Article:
Looking after your car

WE BRITS can’t wait for a bit of sunshine, but the warmer weather doesn’t necessarily mean happiness all round, especially when it comes to driving.

While breakdowns in snow and cold weather might seem a driver’s worst plight, aggravations caused by hot temperatures can be damaging not only to the driver and passengers, but to your vehicle too.

Follow this summer’s service guide and make sure you drive safely this summer. Remember to see your local garage or autocentre for any necessary repairs, servicing or further advice on your vehicle.


High summer temperatures heat up tyres and aggravate any existing damage to the rubber. Under-inflation compounds this, causing friction and added heat which can prove too much for weak spots, causing punctures and blow-outs.

Check your handbook for the correct tyre inflation pressures, especially when towing.

Caravans laid up for the winter should have their tyres checked for cracks and any damaged tyres renewed before use.


Aggravated by extreme summer temperatures, failure to keep coolant levels topped up, leaking coolant hoses and broken electric cooling fans can all result in overheating and temperatures fierce enough to cause severe and expensive damage.

Check the coolant reservoir level regularly (refer to the handbook if necessary) and look out for wet or white staining on coolant hoses. If the fan’s broken it will soon become apparent when you meet slow moving traffic and the engine temperature starts to soar.

You can get a garage to check it or do it yourself by running the car to normal temperature and then allowing the engine to idle for five to 10 minutes - the cooling fan should cut in automatically.

Quick checks before you go

• Check that brake, clutch and power steering fluids, oil, and coolant levels are up to the mark (refer to the handbook if in any doubt).

• Clean the windscreen, windows and mirrors. Fill the windscreen-washer bottle using a screenwash additive to help clear traffic film and dead insects.

• Check and adjust tyre pressures - increasing them for heavy loads if necessary. The correct pressures will be given in the car’s handbook.

• If a service is due, get it done before you go on holiday - repairs can be more expensive away from home.

Fuel saving tips

• Load luggage on your roof rack as low as possible and wrap the luggage tightly in plastic sheeting or consider using a roof box to reduce the effect on fuel economy. If you are staying in the same place, it is worth removing the roof rack/box before driving to beaches and tourist attractions - but make sure you don’t lose any of the bits.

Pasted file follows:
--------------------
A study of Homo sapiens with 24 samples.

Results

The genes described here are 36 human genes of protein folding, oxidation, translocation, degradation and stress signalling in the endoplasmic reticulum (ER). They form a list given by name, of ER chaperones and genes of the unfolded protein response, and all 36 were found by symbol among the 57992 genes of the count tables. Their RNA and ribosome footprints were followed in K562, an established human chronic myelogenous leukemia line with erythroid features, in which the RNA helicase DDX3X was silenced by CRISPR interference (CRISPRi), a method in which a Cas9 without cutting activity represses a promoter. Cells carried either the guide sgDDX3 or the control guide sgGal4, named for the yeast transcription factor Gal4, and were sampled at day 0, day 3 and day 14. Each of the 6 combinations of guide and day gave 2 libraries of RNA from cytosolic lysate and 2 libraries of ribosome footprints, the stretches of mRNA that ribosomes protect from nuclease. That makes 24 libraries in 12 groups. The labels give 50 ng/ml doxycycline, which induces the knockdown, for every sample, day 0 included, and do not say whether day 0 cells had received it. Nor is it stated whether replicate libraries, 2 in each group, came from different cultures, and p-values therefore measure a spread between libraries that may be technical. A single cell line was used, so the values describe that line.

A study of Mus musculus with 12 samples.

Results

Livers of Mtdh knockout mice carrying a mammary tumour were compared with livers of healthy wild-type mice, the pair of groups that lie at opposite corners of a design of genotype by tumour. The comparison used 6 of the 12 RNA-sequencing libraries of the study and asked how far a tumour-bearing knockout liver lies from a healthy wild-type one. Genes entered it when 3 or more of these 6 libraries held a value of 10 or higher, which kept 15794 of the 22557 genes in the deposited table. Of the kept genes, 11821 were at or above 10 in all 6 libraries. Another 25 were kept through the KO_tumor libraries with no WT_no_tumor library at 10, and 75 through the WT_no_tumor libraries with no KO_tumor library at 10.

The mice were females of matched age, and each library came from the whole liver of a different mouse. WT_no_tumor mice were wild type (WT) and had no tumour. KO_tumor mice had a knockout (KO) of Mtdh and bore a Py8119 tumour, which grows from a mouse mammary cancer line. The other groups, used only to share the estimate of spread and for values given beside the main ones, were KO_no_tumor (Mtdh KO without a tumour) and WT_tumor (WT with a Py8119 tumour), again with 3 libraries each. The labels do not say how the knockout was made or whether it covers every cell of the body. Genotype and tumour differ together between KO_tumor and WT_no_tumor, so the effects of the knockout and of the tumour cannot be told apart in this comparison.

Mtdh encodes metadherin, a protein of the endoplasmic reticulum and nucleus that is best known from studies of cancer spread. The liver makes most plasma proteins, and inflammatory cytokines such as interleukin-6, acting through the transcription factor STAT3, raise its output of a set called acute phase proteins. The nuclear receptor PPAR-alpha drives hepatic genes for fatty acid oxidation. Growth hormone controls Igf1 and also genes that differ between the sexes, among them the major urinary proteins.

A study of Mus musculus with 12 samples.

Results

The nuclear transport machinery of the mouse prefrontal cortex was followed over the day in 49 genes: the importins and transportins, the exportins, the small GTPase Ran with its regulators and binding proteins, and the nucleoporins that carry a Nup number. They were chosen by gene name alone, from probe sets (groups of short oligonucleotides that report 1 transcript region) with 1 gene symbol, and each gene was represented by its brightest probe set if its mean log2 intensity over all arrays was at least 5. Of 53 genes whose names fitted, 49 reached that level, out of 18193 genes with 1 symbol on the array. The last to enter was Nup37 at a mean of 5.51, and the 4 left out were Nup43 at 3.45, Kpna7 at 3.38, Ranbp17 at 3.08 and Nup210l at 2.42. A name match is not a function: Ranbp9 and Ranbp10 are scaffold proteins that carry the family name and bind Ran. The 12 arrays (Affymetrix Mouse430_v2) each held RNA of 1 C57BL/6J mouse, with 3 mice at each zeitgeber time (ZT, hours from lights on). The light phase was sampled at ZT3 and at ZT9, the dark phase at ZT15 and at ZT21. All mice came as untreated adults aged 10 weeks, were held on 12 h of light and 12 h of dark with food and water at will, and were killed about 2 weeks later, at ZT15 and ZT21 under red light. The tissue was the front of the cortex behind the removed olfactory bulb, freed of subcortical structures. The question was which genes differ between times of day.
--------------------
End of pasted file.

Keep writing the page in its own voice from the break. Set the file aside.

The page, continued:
• Don’t use the air conditioning all the time: once the air conditioning has cooled the inside of the car, you may be able to turn it down or off. Don’t start the air conditioning if doors or windows are open.

• If you are carrying extra passengers or heavy luggage, pump up the tyres to compensate for the extra weight. The car’s handbook gives advice on this.

• If you park in the sun, using a windscreen shade and opening up the car as soon as you get back to it will help to cool the interior. Opening windows while you drive out of a car park may lower the inside temperature several degrees before you start the air conditioning.


Driving fatigue is a hazard faced by all motorists particularly on long holiday journeys aggravated by high temperatures.

Four in ten motorway accidents are caused by tiredness. Recognise the symptoms of fatigue and learn how to prevent it. Fresh air, exercise or turning up the radio may help for a short time but are not as effective as the following:

• Break any journey of over three hours with a 20 minute break and on longer journeys, take a break every two hours or so.

• Frequent short stops (of at least 20 minutes) are better than one long stop.

• Avoid heavy meals and alcohol before driving.


Minimise the effect of hayfever when driving.

If you’re doing 70mph and sneeze you lose your vision for as much as 100 metres. Have a ‘fit’ of, say eight sneezes in a row, and you’ve just travelled ‘blind’ for nearly half a mile!

Hayfever is particularly bad in the summer but accidents could be minimised if sufferers take action.

- Only take medication which doesn’t cause drowsiness; get someone else to drive if you are having a particularly bad hayfever day; enquire about pollen filters, if available for your make of car; keep a box of tissues on or near the dashboard for easy access; slow down and drop back if you’re about to sneeze; wear sunglasses to block out bright sunlight; close windows and air vents to reduce pollen grains in the car; vacuum car mats and carpets regularly during summer, to get rid of dust

Loose chippings

Summer is the time for surface dressing by laying tar covered with loose chippings. But while the work is necessary, it is the curse of motorists, with bills for cracked lights, windscreens, and damaged paintwork. Reduce bodywork damage by being aware of road re-surfacing, slow down and keep your distance.